May has ‘offered Scotland nothing’ on EU talks

Michael Russell
Mike Russell: not a single compromise (photo by Terry Murden)

Brexit minister says nations being ignored

Scotland’s Brexit Minister Michael Russell has accused the Prime Minister of offering nothing despite promising to engage with the devolved nations over Britain’s withdrawal from the EU.

The Scottish Parliament voted against the UK government triggering Article 50 which would signal the start of Britain’s exit from the bloc.


Welcoming the parliament’s vote by 90 MSPs to 34, Mr Russell said: “Scotland’s national Parliament has today sent a clear message to the rest of the UK and Europe – we oppose a catastrophic hard Brexit that dumps Scotland outside of the single market against its wishes.

“The Prime Minister promised Scotland would be “fully engaged” in agreeing a common UK approach to triggering Article 50.

“We have taken those promises at face value and developed constructive, detailed compromise proposals showing how we can keep our place in the single market, which is around eight times bigger than the UK’s alone,

“Yet so far the UK Government has offered nothing – not a single compromise in return, or even a view on our proposals.

“We do not yet know when Article 50 will be triggered, and have not been given any information about how the UK Government will seek our involvement. The promise of a “UK Agreement” on its content looks to be an empty one.

“Today’s vote is therefore a key test of whether Scotland’s voice is being listened to and whether our wishes can be accommodated within the UK process.

“There is still time for the UK Government to recognise the existence and importance of devolution, the views of this Parliament and the clear, democratically expressed voice of the people of this country – but that time is running out.”

First Minister Nicola Sturgeon said the vote was a historic moment, reaffirming the will of the people of Scotland who had voted overwhelmingly to remain in the EU. She accused the Prime Minister Theresa May of treating the Scottish people with contempt.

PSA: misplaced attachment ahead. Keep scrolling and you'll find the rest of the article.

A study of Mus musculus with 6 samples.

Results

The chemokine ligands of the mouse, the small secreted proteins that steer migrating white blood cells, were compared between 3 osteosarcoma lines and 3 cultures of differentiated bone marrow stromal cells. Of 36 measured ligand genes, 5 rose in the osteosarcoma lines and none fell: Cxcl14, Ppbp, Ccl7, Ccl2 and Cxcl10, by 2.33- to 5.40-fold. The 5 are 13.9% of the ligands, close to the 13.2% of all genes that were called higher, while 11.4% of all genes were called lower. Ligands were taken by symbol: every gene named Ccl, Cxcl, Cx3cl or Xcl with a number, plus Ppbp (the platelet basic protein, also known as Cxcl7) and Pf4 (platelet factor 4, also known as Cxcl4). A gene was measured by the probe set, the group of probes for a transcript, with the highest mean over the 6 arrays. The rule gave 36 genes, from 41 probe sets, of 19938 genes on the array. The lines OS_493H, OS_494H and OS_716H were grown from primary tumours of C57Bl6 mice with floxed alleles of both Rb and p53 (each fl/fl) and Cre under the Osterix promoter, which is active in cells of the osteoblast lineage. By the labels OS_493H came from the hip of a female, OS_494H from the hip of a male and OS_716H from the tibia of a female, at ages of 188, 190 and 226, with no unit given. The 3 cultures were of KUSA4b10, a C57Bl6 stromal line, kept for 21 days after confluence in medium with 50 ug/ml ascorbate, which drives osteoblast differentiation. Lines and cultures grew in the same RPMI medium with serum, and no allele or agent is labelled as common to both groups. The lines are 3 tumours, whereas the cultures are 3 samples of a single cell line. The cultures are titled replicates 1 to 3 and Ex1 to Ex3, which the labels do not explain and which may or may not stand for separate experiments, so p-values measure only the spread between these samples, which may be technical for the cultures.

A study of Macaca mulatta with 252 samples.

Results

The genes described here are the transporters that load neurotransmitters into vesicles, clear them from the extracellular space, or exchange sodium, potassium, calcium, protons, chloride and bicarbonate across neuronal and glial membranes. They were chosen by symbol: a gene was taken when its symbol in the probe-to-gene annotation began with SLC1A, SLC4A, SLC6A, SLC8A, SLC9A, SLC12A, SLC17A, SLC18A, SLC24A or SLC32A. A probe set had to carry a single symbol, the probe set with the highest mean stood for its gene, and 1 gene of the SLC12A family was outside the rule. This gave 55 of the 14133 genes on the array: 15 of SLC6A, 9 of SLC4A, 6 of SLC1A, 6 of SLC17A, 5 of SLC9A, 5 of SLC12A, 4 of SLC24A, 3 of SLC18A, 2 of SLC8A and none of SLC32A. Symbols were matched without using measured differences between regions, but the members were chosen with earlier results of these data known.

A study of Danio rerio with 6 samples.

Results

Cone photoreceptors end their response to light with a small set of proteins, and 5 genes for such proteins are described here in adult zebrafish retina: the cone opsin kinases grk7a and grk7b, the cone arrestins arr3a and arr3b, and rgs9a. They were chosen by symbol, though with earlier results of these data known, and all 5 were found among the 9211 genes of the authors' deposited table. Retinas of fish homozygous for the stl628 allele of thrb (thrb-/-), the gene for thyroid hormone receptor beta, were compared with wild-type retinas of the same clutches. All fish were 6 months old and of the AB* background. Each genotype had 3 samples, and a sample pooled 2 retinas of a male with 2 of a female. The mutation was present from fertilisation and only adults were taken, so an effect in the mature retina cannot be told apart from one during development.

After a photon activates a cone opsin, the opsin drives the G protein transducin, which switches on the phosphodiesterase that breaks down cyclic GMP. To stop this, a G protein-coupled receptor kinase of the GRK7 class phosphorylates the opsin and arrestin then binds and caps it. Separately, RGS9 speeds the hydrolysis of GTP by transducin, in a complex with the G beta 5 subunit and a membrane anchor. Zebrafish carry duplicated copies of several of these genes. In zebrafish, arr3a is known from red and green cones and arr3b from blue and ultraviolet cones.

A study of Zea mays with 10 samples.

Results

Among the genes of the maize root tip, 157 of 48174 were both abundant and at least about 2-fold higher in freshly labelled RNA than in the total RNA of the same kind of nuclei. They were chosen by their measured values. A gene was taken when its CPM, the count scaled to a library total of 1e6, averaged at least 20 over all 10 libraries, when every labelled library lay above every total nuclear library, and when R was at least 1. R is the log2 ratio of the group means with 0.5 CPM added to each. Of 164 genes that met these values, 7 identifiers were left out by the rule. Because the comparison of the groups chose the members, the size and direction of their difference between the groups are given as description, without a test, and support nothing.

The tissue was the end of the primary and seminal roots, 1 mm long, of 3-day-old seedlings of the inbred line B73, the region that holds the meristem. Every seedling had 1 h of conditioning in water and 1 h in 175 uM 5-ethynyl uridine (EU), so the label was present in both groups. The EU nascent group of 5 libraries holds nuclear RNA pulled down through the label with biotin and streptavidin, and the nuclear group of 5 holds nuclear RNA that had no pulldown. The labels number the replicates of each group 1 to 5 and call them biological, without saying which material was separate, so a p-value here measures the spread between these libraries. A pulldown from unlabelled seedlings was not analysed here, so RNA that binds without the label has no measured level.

Mrs May is said to be developing a “secret strategy” in the belief that Ms Sturgeon is just two weeks away from demanding a second referendum on Scottish independence, according to The Courier newspaper in Dundee.

Mrs May’s aides and the Conservative Party are laying the groundwork for talks with Scottish National Party ministers over a second constitutional vote, the newspaper reported.

Kezia Dugdale

Scottish Labour leader Kezia Dugdale (above), whose party supported the motion, said: “While I accept that the UK is leaving the European Union, I do not accept the terms Theresa May has set out.

“And that’s why I don’t believe article 50 should be triggered right now.

“Not when the Tories seem determined to deliver a settlement that will do incalculable damage to the country.

“I cannot and will not sign up to Theresa May’s vision of Brexit. Leave voters didn’t back Brexit to make themselves poorer. But that is exactly what will happen under the current plans.”

Scottish Tory chief whip John Lamont criticised political opponents for seeking to reject the Article 50 process.

Turning on its head a nationalist accusation that the Scottish Conservatives were “born-again Brexiteers”, he said it was “time for the SNP to accept the result of the EU referendum”.

He said:They’ve been on the losing side of two recent referendums, and seem unable to accept the result of either.

“And with today’s performance, it seems Scottish Labour aren’t much better at accepting the will of the people.

“The Scottish Government should be focusing on getting the best deal for both Scotland and the UK.

“It should be looking for the right solution for Scotland’s needs, especially on matters like farming, fisheries, trade and research support.

“We are entering a challenging time, with pitfalls to be avoided and opportunities to be seized.

“The next two years must not be about game-playing, grandstanding or political posturing.”

Lib Dem leader Willie Rennie also criticised the Tories, saying: “The Tories divided the country to heal the divisions in their own party.”